Information Sharing

Meeting with CWA diagram of watershed in view

The exchange of information between water utilities and public and private sector organizations is vital to the safety of the nation's water supply. EPA promotes information sharing between the water sector and such groups as environmental professionals and scientists, law enforcement and public health agencies, the intelligence community, and technical assistance providers. 

Through such exchange, water systems can obtain up-to-date information on current technologies in water security, accurately assess their vulnerabilities to terrorist acts, and work cooperatively with public health officials, first responders, and law enforcement officials to respond effectively in the event of an emergency.

National Drinking Water Advisory Council's (NDWAC) Final Report on Water Security Practices, Incentives, and Measures

The report contains 18 findings that:

  1. Establish the features of active and effective security program, 
  2. Identify ways government and others might encourage utilities to adopt and maintain active and effective programs, and
  3. Suggest utility-specific and national measures of water sector security progress.

Water Information Sharing and Analysis Center (WaterISAC)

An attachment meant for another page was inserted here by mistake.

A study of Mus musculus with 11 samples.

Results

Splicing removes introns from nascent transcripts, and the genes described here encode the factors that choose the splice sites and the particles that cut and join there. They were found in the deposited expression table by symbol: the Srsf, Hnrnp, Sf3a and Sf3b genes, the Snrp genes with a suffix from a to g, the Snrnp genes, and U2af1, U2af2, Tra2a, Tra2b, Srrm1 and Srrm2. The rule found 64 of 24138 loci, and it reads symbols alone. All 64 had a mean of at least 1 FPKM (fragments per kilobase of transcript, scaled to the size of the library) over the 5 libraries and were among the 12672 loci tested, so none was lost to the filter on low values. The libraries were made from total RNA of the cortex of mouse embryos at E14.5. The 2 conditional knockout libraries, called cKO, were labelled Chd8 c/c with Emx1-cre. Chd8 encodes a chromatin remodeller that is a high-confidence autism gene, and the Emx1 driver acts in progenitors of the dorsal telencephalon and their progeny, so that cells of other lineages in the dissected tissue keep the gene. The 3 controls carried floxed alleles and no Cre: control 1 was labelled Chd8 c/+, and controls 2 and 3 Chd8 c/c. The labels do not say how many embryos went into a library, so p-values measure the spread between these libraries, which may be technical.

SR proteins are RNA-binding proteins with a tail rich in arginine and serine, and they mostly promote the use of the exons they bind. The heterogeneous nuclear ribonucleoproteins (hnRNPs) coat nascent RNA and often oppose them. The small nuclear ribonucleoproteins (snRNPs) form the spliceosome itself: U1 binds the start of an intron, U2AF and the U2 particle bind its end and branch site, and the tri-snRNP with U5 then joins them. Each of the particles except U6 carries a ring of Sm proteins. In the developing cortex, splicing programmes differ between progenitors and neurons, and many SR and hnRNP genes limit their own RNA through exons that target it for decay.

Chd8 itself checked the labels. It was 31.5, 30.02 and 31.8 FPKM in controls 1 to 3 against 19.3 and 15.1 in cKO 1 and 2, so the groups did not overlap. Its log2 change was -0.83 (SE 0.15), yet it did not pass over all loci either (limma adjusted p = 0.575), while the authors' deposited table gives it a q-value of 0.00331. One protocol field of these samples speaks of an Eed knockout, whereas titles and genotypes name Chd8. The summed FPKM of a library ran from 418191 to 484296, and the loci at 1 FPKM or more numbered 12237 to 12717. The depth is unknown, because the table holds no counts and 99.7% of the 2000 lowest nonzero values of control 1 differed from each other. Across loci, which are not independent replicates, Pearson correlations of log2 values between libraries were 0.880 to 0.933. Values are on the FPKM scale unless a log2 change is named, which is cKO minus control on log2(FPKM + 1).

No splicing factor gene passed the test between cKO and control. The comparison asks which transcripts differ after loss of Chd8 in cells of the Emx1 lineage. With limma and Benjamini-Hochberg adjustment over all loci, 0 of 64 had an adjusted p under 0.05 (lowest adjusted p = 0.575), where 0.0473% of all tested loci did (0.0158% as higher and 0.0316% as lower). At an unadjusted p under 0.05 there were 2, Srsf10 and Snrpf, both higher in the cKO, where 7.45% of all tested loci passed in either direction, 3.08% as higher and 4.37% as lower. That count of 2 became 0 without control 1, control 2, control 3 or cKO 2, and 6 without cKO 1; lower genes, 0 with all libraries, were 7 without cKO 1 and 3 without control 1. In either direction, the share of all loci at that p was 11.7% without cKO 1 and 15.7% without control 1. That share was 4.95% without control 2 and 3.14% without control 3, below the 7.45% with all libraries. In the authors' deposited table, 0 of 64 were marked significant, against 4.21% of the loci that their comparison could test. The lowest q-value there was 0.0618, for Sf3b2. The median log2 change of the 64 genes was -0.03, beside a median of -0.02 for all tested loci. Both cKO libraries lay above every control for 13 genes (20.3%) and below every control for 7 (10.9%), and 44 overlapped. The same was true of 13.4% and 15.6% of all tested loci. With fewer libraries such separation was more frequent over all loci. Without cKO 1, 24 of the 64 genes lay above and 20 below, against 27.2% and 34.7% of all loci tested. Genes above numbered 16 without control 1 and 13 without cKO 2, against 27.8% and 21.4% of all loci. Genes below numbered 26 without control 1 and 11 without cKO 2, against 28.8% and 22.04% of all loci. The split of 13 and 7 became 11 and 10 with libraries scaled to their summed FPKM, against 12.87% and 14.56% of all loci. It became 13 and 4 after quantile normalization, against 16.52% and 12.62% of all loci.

WaterISAC is a service developed to provide America's drinking water and wastewater systems with a source of information about water system security and with a secure Web-based environment for early warning of potential threats. Relying on information gathered from federal intelligence, law enforcement, public health, and environmental agencies, and from utility security incident reports, WaterISAC analysts produce and disseminate physical and cyber security information to the water sector.

EPA Environmental Laboratory Compendium

This compendium is a database of nationwide environmental laboratories available to water utilities and to federal and state agencies. The database contains each laboratory's specific capabilities to analyze chemical and biological analytes as well as chemical warfare, bioterrorism, and radiochemical agents. It was developed as a tool to quickly identify laboratories with capabilities to support incident-specific response and recovery. The compendium is intended to assist water utilities and federal and state agencies in responding to contamination threats, terrorist attacks, or natural disasters. To access the database, those interested must first register and receive a reply.